Printed Ephemera


The word “ephemera” derives from a Greek word which means lasting for no more than one day, and ephemera has been described as the “minor transient documents of everyday life.”   Ephemera reflect the moods and social customs of the day in a way which more formal documents cannot do, and they are often evocative reminders of the age in which they were produced.

The museum has an extensive collection of loose printed ephemera which relate to CH, covering all aspects of its history.  When ephemera is sorted and like items brought together, the resulting collections can help to bring alive some of the long history and traditions of the school.  For example, there are runs of programmes and related items for annual events such as sports day, school concerts, St Matthew’s Day celebrations and Speech Day as well as souvenirs of events such as House, School and Grecians plays.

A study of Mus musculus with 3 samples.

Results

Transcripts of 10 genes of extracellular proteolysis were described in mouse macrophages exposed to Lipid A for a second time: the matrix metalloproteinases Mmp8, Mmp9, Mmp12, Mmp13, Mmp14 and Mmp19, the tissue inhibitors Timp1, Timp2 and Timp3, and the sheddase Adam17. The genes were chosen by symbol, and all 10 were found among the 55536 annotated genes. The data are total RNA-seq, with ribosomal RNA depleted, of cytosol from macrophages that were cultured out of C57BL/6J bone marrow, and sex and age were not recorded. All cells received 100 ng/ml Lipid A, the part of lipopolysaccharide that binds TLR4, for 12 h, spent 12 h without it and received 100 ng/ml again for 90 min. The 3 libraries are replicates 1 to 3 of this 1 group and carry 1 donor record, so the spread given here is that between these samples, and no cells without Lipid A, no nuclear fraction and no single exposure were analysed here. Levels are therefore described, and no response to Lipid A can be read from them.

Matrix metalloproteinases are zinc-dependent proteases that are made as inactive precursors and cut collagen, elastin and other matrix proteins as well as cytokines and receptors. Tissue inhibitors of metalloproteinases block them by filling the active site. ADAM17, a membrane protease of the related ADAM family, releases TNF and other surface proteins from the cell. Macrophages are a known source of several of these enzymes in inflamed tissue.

Some ephemera have assumed great importance, belying the description of a “minor transient document” which might have applied when it was originally produced.  For example, a printed list of Governors in 1716 includes people such as Sir Isaac Newton, John Flamsteed and John West, who along with his wife, Francis, was one of CH’s greatest benefactors; the annual Anthems, discussed and illustrated in this website, were produced for one or two church services but now form an invaluable record; and a fascinating set of school rules, printed on a single sheet and signed by the CH clerk on 7 May 1790, is reproduced and discussed in the CH Heritage Series booklet Memorabilia.

Whilst most CH memorabilia has been produced by CH in the normal course of school life, CH is the subject of externally produced ephemera, such as cigarette or tea cards, playing cards for the game of “snap” and souvenir items produced by local shops.

The image on the left shows a ticket to attend the laying of the Foundation stone of the NewHall in London on 28 April 1825, incorporating an engraving of the New Hall as it would be when it was completed in 1829.